Long considered a bastion of hope in a treacherous real estate climate, the apartment industry is starting to feel the pain. That’s evident in moves made by several apartment REITs at the start of 2009.
Denver-based AIMCO, one of the country’s largest apartment owners, announced that it was cutting about 7 percent of its work force and will take write-off costs for abandoning certain redevelopment projects and deals. The firm also announced it would take impairment losses of $85.4 million for stopping work on three California assets.
Meanwhile, San Francisco-based BRE Properties discontinued predevelopment at three sites and recorded an abandonment charge of $5.1 million. It also eliminated 33 positions, primarily in the development arena. The firm reduced its overall work force by 4 percent and its development staff by 36 percent. It still has five apartment projects under construction.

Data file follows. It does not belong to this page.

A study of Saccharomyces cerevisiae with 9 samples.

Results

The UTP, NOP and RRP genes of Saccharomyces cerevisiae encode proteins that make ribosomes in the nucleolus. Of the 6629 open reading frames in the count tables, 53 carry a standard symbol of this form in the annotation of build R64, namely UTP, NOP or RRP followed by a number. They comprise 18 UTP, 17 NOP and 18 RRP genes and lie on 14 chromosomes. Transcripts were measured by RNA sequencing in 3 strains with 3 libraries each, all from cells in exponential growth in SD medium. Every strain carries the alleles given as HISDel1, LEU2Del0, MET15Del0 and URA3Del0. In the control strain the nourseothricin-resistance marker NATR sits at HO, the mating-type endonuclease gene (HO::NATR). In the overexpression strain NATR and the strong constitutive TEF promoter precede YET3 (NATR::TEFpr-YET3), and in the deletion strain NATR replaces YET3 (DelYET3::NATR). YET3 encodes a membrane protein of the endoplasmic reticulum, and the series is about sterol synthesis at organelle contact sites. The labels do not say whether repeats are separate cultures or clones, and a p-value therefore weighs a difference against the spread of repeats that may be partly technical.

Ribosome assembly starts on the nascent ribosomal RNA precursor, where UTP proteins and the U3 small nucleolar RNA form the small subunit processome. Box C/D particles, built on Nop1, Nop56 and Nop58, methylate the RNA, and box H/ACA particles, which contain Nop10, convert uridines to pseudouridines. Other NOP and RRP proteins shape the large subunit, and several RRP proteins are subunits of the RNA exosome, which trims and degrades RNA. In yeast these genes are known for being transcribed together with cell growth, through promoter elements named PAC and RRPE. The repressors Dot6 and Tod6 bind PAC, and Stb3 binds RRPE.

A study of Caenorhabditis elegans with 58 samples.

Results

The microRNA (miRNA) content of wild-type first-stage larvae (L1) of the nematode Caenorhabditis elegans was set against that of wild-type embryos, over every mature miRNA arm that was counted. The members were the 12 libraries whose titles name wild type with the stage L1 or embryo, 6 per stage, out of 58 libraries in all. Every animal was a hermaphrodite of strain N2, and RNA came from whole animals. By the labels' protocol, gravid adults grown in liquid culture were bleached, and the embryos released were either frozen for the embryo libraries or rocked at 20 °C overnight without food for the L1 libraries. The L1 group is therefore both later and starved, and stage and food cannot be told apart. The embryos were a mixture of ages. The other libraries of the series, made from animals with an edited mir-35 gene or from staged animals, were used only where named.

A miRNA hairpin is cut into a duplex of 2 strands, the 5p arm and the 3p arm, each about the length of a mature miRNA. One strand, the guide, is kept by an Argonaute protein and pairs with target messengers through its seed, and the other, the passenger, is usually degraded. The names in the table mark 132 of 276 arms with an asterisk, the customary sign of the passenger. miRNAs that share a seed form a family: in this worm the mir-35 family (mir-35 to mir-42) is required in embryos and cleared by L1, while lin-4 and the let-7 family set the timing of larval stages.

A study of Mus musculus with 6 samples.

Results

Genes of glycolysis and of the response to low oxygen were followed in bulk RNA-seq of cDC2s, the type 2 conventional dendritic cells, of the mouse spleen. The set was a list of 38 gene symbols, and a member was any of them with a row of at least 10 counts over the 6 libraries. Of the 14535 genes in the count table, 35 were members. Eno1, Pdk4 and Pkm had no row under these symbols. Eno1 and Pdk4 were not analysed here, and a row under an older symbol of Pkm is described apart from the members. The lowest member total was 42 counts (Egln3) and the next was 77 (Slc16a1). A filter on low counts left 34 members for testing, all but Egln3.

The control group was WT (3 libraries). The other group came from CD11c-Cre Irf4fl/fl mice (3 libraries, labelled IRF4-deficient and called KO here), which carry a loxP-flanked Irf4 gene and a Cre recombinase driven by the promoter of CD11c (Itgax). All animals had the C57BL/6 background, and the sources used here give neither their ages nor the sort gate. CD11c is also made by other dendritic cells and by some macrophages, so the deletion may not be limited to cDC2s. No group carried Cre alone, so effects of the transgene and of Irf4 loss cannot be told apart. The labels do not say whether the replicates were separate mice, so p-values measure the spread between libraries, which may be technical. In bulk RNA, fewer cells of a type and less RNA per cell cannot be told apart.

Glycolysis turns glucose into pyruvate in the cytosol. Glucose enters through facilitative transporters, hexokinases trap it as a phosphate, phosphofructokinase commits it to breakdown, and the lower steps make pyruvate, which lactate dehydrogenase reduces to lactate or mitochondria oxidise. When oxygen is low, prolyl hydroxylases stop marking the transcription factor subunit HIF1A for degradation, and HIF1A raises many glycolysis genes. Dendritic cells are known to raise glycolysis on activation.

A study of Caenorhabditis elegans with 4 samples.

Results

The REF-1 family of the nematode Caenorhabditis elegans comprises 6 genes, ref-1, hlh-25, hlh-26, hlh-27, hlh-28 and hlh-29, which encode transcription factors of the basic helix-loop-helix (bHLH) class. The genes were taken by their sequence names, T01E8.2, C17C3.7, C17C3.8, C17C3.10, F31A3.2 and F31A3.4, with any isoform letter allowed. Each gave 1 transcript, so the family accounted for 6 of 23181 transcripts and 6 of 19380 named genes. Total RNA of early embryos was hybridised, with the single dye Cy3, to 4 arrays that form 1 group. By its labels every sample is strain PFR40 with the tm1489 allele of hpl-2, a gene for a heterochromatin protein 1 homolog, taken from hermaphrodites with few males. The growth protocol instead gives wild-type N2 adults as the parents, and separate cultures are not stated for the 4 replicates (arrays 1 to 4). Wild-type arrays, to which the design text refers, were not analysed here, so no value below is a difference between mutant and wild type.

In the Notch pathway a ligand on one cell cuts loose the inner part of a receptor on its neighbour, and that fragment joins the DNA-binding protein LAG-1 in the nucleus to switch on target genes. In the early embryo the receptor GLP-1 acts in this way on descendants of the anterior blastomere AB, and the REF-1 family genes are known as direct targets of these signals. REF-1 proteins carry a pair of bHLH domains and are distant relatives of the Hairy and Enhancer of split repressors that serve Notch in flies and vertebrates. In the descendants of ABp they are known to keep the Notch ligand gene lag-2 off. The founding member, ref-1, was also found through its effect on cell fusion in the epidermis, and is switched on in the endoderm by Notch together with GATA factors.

Karin Ford, a senior analyst and vice president for New York-based Key Banc Capital Markets says there are differences in the two cases. “AIMCO’s pressure is coming from their leverage,” she says. “BRE is abandoning ground-up development and laying off people in their development arm.”
Similarly, Houston-based Camden Property Trust is halting five development projects and has eliminated staff. Altogether, the REIT reduced its total work force by about 3 percent and its development personnel by half. Meanwhile, Atlanta-based Post Properties and Alexandria, Va.-based AvalonBay Communities also announced they would cease development in 2009.